Thursday, July 20, 2000
Rosemary Murphy doesn't think people should go to great lengths to find beautiful landscapes. For her, the countryside that surrounds Lawrence is full of views that lend themselves to her watercolor paintings.
Most people think that only the extraordinary qualifies as art, but Murphy knows better.
"I think people tend to spend a lot of time looking for the extraordinary, and they miss the ordinary things that are beautiful," she said.
The Baldwin artist has devoted her time to painting scenes that most northeast Kansas commuters drive by every day. The end result of her work is showcased in her exhibit, "Ordinary Places and Other Blessings," which opens Friday at Baker University's Art Affair Gallery in Baldwin.
The exhibit runs through Aug. 11.
All of the paintings are watercolor landscapes of places in and around the Baldwin-Lawrence area. Murphy's convinced that one doesn't have to travel far to find good art settings.
"We drive back and forth, and I see so much that interests me. Most of the artwork (in the show) is of places within 10 to 20 miles of here," she said.
Many of the scenes are of common places that Murphy tries to give a new look to. In one picture she painted the Vinland Fairgrounds. Only in her watercolor, she painted it during the off season, when it was void of carnival patrons.
"I loved that simple view of the fairgrounds, and that's the way it is most of the year. It's very quiet, only most people never see it that way," she said.
A full-time career
Murphy has painted for more than 25 years, but it was two years ago when she decided to pursue her art full-time.
Before then she taught secondary students in Montana, and her last six years as an educator were spent teaching Baldwin elementary students. She earned her bachelor's degree in painting from St. Mary's College in Leavenworth.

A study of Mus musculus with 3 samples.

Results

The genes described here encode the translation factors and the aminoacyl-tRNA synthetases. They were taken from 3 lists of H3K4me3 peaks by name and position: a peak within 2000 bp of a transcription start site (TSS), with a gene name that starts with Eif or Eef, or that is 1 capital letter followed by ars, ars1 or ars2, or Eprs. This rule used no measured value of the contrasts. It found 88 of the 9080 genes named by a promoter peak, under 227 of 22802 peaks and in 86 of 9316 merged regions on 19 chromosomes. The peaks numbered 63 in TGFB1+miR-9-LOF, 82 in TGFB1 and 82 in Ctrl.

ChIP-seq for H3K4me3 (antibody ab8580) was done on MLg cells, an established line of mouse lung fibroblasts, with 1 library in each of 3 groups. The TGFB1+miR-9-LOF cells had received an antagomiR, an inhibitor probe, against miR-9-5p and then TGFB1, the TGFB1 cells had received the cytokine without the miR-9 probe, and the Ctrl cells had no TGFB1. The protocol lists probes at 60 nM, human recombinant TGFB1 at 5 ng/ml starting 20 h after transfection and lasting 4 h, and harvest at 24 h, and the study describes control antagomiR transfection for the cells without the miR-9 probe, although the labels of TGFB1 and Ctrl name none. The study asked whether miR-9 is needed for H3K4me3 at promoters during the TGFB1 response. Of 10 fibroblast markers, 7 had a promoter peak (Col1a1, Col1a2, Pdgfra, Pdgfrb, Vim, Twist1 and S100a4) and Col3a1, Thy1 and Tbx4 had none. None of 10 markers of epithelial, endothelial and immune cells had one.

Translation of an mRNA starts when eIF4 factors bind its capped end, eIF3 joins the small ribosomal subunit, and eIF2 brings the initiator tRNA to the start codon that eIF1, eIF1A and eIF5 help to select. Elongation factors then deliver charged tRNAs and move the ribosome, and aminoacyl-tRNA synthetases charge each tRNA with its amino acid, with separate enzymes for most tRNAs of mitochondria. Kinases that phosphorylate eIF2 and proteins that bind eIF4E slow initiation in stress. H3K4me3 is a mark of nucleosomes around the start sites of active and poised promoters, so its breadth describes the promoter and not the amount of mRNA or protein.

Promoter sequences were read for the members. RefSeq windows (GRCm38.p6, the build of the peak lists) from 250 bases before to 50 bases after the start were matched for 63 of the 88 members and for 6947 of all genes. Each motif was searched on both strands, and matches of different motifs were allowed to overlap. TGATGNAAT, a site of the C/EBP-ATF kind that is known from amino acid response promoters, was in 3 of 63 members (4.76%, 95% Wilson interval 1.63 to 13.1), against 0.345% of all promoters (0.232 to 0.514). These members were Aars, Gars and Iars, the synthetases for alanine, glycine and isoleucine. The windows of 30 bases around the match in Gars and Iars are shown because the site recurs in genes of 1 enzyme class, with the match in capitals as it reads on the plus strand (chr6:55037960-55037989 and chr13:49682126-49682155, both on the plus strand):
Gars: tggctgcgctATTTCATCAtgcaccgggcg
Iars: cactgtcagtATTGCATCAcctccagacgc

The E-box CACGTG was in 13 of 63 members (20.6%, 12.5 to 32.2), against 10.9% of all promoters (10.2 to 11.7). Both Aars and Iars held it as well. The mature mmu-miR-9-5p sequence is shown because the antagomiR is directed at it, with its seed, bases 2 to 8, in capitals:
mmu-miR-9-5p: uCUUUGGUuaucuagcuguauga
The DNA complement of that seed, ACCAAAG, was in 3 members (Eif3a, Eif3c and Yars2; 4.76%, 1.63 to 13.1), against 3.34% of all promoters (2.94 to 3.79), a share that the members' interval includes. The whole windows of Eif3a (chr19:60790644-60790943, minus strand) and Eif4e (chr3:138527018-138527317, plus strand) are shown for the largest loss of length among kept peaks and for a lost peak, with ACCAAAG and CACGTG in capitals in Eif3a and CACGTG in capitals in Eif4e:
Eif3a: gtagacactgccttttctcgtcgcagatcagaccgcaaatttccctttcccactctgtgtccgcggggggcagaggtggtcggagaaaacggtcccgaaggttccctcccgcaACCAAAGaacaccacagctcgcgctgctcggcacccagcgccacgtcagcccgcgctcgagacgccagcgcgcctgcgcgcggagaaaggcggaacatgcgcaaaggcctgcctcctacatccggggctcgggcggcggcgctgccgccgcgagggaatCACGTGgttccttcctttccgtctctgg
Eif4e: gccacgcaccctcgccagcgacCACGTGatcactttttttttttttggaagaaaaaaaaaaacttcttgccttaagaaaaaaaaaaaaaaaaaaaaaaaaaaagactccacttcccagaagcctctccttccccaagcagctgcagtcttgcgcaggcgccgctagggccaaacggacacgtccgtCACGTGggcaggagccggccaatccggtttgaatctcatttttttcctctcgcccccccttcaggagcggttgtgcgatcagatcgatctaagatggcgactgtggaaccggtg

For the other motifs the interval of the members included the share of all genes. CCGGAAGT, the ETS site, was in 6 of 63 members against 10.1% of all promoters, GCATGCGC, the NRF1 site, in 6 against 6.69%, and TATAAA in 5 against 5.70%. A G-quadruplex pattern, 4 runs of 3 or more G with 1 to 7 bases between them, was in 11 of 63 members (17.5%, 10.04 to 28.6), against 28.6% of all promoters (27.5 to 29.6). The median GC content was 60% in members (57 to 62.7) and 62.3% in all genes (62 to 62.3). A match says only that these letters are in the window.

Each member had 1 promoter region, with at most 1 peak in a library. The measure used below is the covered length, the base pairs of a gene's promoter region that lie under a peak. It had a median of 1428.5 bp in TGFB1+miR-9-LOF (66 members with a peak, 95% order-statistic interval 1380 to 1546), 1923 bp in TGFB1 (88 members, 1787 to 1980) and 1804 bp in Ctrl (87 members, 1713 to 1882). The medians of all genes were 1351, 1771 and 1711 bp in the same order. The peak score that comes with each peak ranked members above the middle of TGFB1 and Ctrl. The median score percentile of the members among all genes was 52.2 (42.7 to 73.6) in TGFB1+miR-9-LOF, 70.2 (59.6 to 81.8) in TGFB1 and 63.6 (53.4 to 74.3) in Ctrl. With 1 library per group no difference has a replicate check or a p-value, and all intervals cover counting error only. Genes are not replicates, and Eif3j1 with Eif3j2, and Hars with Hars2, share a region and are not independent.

As an art teacher, Murphy taught a variety of mediums to her students, but her own personal work always revolved around using watercolors.
"In 1970 I took a watercolor class, and once I had that brush in my hand I just knew that was it. I was so at home with a watercolor brush in my hand," she said.
Her routine is to try to paint each day, working off pictures and sketches she's made of areas that she's visited.
It's hard for her to set a schedule because she never knows how long it will take her to scout a location.
"I might see something, look at it, go back several times, take photos, maybe do two or three drawings, or even a small advance watercolor before I ever really start painting something. So it's difficult for me to set the number of hours I'll put into a painting," Murphy said.
The postcard series
Murphy has exhibited her work in Colorado shows and in Baldwin, but this week marks a pivotal time for her. Not only is she having her own exhibit, but one of her works is also on display in Baldwin as part of the prestigious Postcard Series XXII exhibition.
Now in its 22nd season, the event is sponsored by the Association of Community Art Agencies of Kansas.
The latest exhibit was juried in 1999 and features two-dimensional works by 26 Kansas artists, including one by Lawrence artist Lora Jost. The paintings are shown throughout the year at various galleries and museums across the state. The exhibit will be shown through Aug. 5 at Solomons Antique Gallery and Discoveries Gallery, both in Baldwin.
Of the 26 selected works, 16 are printed as postcards and sold at state art galleries and museums.
Murphy was one of the 16 artists selected for the postcard reproduction. Her award-winning painting, "Late in the Day," features a small white farmhouse at dusk. The farmhouse is between Baldwin and Eudora.
"I just really like how the light hits light-colored buildings," she said.
A calming effect
Murphy also does stained-glass designs for churches. She sees a similarity between painting in muted watercolors and in designing color schemes for glass.
But the end result is the same. Murphy wants her work to have a calming effect on viewers. She wants them to take a moment from their fast-paced lives and see the natural beauty that surrounds them.
"I like to paint quiet, peaceful places, and that does seem to speak to people," she said. "Sometimes it's not so bad for people to look at art and find something peaceful."